Iowa Researchers Shed Light on PRRS Diagnosis Issue

14 September 2012, at 5:03pm

US - Researchers at Iowa State University have reported an exogenous source of porcine reproductive and respiratory syndrome virus (PRRSV) antibody in positive oral-fluid ELISA results. One hypothesis for the source is spray-dried porcine plasma in the nursery diet.

In a letter to the American Association of Swine Veterinarians (AASV), Drs J.K. Johnson, R. Main and J. Zimmerman of the Veterinary Diagnostic Laboratory at Iowa State University's College of Veterinary Medicine, say they wish to alert swine producers, practising veterinarians and diagnosticians to environmental sources of PRRSV antibody capable of producing positive reactions on a PRRSV oral-fluid antibody ELISA recently implemented in a number of veterinary diagnostic laboratories in North America.

An exogenous source of PRRSV antibody was initially identified in the course of investigating a diagnostic case involving unexpected PRRSV antibody-positive results on oral fluids from a PRRSV-negative production system, the Iowa researchers report. The system was considered free of PRRSV on the basis of monthly testing of the sow farm (30 serum samples tested on the PRRS X3 Antibody ELISA; Idexx Laboratories Inc, Westbrook, Maine) and bimonthly testing of nursery and the finishing sites (oral-fluid samples tested by PRRSV reverse transcriptase-polymerase chain reaction [RT-PCR]).

Initially, four oral-fluid samples collected from a nursery site were tested by both PRRSV RT-PCR and the oral-fluid antibody ELISA. All four oral-fluid samples were PCR-negative but three oral-fluid samples (Barns 2, 3, and 4) tested antibody-positive on the ELISA (sample-to-positive [S:P] ratios = 1.85, 1.95, and 1.80). These results prompted a series of PCR and ELISA re-tests in the laboratory, in which the original results were duplicated.

Simultaneously, new samples were collected, including 91 oral-fluid and 40 serum samples from the four barns on the nursery site and 120 sera from the sow farm. All serum samples were ELISA-negative and both serum and oral fluids were negative by PRRSV RT-PCR. In contrast, PRRSV oral-fluid antibody ELISA testing showed that all oral-fluid samples from Barn 1 (n=23) were antibody-negative, whereas all oral-fluid samples from nursery Barns 2, 3 and 4 (n=68) were antibody-positive. These results were confirmed by testing at a second diagnostic laboratory.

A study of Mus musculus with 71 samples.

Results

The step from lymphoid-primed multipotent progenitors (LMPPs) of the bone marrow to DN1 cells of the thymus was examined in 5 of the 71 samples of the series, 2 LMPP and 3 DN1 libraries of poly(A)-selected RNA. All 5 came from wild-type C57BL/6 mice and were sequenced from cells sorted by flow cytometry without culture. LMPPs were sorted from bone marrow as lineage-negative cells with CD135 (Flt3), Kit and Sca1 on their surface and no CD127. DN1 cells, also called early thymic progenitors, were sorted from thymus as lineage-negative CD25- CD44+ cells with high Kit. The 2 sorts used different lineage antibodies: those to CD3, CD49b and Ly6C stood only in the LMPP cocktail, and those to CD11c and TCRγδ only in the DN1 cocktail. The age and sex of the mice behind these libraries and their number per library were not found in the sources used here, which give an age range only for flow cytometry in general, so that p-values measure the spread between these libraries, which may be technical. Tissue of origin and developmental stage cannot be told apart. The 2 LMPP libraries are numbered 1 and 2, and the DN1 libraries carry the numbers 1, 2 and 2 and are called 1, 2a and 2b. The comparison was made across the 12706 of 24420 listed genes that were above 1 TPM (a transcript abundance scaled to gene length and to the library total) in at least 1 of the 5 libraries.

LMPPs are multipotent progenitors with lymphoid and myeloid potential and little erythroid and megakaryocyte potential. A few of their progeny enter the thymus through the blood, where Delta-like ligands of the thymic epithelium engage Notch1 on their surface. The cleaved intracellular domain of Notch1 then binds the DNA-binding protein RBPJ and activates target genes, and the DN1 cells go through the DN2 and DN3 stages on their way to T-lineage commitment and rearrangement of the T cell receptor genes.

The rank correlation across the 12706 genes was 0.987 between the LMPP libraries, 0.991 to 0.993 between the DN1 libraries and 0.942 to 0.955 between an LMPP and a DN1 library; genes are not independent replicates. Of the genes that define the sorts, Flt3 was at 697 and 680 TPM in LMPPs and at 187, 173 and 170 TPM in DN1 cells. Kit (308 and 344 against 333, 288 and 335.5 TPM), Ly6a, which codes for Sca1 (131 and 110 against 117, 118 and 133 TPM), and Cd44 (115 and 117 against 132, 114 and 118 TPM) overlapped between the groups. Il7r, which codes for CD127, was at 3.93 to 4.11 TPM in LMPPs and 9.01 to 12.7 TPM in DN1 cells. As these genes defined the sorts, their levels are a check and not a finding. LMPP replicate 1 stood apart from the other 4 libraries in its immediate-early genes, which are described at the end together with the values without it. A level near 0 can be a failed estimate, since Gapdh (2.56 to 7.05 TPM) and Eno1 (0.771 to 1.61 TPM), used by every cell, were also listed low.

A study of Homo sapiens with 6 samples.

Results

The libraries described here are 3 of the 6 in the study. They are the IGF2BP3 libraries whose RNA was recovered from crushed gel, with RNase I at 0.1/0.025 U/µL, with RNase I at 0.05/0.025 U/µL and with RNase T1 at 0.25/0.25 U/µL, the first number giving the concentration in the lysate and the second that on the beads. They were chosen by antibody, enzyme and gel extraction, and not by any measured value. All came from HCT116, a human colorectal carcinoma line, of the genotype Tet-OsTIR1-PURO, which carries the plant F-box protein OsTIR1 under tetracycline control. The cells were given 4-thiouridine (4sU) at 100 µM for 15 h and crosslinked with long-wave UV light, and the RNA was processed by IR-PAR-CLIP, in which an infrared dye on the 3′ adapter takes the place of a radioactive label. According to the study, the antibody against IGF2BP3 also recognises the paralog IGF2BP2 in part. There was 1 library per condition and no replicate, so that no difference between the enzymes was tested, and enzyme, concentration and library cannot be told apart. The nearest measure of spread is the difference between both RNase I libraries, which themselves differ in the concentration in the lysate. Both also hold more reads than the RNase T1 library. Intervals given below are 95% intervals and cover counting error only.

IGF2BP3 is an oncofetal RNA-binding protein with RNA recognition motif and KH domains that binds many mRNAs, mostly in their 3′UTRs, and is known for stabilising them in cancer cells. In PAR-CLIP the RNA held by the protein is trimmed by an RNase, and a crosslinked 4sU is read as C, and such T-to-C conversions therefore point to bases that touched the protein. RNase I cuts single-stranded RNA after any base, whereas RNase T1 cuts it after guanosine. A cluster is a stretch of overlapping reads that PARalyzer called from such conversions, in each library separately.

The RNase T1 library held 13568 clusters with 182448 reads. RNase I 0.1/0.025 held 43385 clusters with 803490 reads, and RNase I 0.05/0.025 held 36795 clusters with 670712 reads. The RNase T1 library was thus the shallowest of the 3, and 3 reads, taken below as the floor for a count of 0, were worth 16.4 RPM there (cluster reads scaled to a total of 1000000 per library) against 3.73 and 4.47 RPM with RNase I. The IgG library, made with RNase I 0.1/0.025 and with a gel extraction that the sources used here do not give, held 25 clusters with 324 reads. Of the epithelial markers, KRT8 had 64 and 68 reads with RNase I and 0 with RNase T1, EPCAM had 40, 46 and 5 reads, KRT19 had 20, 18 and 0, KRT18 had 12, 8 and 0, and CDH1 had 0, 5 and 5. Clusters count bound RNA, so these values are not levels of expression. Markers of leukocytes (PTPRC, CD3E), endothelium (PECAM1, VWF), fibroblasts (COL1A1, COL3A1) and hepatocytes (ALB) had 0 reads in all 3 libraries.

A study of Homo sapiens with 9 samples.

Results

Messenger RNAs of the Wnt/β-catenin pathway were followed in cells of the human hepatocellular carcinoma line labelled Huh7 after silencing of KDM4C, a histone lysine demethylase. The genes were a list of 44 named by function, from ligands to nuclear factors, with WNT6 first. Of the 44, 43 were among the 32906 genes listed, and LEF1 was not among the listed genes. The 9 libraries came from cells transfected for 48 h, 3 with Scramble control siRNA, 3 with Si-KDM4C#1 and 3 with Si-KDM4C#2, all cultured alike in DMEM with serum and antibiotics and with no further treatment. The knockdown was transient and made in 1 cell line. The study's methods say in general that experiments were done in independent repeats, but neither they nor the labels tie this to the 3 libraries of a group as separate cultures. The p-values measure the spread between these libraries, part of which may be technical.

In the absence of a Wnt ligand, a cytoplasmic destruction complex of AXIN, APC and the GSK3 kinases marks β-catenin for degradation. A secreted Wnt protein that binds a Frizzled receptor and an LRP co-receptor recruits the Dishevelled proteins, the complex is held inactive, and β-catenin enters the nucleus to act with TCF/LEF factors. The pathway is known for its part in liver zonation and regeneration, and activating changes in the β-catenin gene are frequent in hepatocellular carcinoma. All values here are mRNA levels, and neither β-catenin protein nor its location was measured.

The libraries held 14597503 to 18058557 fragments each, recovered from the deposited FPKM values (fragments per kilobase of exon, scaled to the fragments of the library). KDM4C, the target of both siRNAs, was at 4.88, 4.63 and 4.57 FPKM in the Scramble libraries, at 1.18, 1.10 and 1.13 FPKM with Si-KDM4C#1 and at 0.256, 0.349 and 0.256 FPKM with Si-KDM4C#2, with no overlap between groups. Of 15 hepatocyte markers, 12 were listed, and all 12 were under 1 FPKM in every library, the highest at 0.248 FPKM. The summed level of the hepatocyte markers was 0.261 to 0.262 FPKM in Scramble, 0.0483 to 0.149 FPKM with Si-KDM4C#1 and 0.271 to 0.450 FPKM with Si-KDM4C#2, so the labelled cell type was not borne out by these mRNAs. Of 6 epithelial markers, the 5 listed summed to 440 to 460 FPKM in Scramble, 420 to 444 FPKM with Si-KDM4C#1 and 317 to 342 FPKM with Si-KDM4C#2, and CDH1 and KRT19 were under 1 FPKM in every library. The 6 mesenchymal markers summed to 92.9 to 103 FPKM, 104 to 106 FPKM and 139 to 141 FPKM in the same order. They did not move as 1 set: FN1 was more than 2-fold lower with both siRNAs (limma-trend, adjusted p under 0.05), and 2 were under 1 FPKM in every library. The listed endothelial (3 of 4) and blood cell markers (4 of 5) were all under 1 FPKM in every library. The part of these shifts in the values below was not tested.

An explanation for oral-fluid antibody-positive results in a PRRSV-negative herd was suggested by Drs William Dubois and Scanlon Daniels. Specifically, they hypothesized that spray-dried porcine plasma incorporated into the nursery transition diet contained PRRSV antibody and that pigs consuming this ration contaminated the oral-fluid sample with PRRSV antibody from this exogenous source. If true, this hypothesis also explained the ELISA results from nursery Barn 1 (all negative) versus Barns 2, 3, and 4 (all positive).

Sample-to-positive (S:P) ratio response when feed samples containing porcine plasma were diluted and tested on a PRRSV oral-fluid antibody ELISA1
Feed-sample dilution S:P ratio
1:2 4.14
1:4 3.09
1:8 2.24
1:16 1.44
1:32 0.91
1:64 0.49
1:128 0.28
1:256 0.13
1:512 0.5
1:1024 0.2
1:2048 0.1
1:4096 0.0
1. Kittawornrat A., Prickett J., Wang C., Panyasing Y., Ballagi A., Rice A., Main R., Johnson J., Rademacher C., Hoogland M., Rowland R. and Zimmerman J. 2012. Detection of porcine reproductive and respiratory syndrome virus (PRRSV) antibodies in oral fluid specimens using a commercial PRRSV serum antibody enzyme-linked immunosorbent assay. J Vet Diagn Invest., 24:262–269.

To test the hypothesis, a feed sample representing the transition diet fed in nursery Barns 2, 3, and 4 was submitted for analysis. In the laboratory, 5g of feed and 20mL of PRRS X3 ELISA sample diluent were combined in a 50-mL centrifuge tube and thoroughly mixed. Using this mixture as a stock solution, two-fold serial dilutions (1:2 to 1:4096) were made using sample diluent and tested using the PRRSV oral-fluid antibody ELISA. As shown in the table, all sample dilutions through 1:64 exceeded the PRRSV oral-fluid antibody ELISA S:P cutoff of 0.40. Testing at a second diagnostic laboratory duplicated these results.

While this case was the first to document the presence of PRRSV antibody in feed products containing porcine spray-dried plasma, several similar cases have subsequently been identified. In each case, testing of the suspected source, e.g. feed or milk replacer, revealed the presence of high levels of PRRSV antibody. Thus, producers and veterinarians using the PRRSV oral-fluid antibody ELISA to monitor herd status should be aware of exogenous sources of PRRSV antibody.

Dr Johnson and colleagues concluded that diagnosticians seeking to interpret seemingly contradictory diagnostic results should be aware that PRRSV antibody in feedstuffs is easily detected by direct testing of the product in question.

Further Reading

Find out more information on porcine reproductive and respiratory syndrome (PRRS) by clicking here.